Why homeworking isn’t just a lockdown thing – Scotsman comment

Nicola Sturgeon has warned against people being 'intimidated' back to their workplace (Picture: Fraser Bremner/pool/Getty Images)Nicola Sturgeon has warned against people being 'intimidated' back to their workplace (Picture: Fraser Bremner/pool/Getty Images)
Nicola Sturgeon has warned against people being 'intimidated' back to their workplace (Picture: Fraser Bremner/pool/Getty Images)
Companies need to embrace the opportunities presented by the sudden surge in working from home.

After the UK Government announced a campaign to encourage people to return to their workplace, Nicola Sturgeon warned she would oppose “any kind of narrative... seeking to almost intimidate people back to work” before it was safe to do so.

To be fair to Westminster, that’s not what they have in mind, but there is the potential for conflict if employment contracts specify a designated place of work, companies want their staff back and they are reluctant.



Another factor that needs to be considered is businesses like coffee and sandwich shops that have grown up in town and city centres to cater for office staff. Many will be desperate for footfall outside their premises to increase.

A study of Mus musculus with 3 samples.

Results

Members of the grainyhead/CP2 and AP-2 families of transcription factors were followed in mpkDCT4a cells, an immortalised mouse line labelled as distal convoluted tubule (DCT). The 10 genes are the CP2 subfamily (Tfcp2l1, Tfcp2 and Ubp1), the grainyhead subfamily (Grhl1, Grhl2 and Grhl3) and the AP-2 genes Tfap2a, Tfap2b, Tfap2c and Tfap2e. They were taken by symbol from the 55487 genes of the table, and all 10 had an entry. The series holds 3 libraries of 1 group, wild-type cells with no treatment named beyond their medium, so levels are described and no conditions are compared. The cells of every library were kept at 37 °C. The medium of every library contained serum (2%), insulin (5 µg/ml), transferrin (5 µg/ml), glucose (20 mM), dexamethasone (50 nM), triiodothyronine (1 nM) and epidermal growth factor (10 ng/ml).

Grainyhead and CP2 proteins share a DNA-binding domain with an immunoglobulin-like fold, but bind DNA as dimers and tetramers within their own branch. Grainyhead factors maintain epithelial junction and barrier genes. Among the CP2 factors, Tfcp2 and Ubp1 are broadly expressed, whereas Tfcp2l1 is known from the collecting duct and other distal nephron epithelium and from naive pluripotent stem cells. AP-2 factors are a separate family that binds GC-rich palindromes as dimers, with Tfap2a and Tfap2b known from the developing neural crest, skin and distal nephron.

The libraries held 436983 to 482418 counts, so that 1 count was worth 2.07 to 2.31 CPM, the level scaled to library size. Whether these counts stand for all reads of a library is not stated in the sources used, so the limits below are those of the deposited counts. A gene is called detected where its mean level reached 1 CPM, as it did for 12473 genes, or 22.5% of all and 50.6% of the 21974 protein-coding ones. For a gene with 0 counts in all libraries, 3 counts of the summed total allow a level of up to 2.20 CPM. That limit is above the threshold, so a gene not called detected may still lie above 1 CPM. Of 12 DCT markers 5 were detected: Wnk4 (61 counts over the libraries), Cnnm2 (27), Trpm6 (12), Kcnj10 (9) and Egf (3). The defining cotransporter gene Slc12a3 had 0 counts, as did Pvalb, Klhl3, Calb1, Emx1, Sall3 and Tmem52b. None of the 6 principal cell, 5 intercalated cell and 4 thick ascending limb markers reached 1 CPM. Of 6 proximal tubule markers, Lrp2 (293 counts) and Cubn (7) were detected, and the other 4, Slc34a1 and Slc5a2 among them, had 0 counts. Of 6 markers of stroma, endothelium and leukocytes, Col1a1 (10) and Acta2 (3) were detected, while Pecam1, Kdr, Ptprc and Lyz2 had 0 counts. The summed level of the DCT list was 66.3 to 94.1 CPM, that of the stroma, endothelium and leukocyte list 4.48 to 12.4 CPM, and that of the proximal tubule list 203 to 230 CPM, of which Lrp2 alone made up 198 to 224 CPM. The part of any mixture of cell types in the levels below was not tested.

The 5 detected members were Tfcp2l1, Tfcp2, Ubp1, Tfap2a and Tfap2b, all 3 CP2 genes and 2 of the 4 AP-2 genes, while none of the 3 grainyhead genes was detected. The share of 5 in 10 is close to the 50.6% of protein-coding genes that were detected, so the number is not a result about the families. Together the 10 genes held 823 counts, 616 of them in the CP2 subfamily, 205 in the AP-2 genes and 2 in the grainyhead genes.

Given these competing priorities – to control the disease while also continuing to enable the economy to move more freely – a phased return, which the Scottish Government is currently discussing with business leaders, seems like a sensible halfway house and clearly those companies whose need is greatest should be prioritised.

However, firms should not simply view the re-establishment of the familiar, pre-Covid ways of working as their goal. Before the lockdown just six per cent of employees worked from home, but in April this year it was 43 per cent. And we liked it – surveys of 6,000 to 7,000 people by Cardiff and Southampton University academics found nearly 90 per cent of homeworkers wanted to continue doing so at least some of the time. There are also possible advantages for companies as homeworking can cut office costs and enable them to recruit staff from far and wide, rather than a particular geographic area. As many have pointed out, Covid and the lockdown have given us a push into the future. It is almost certainly a mistake to hurry back to the past, however comforting it may seem.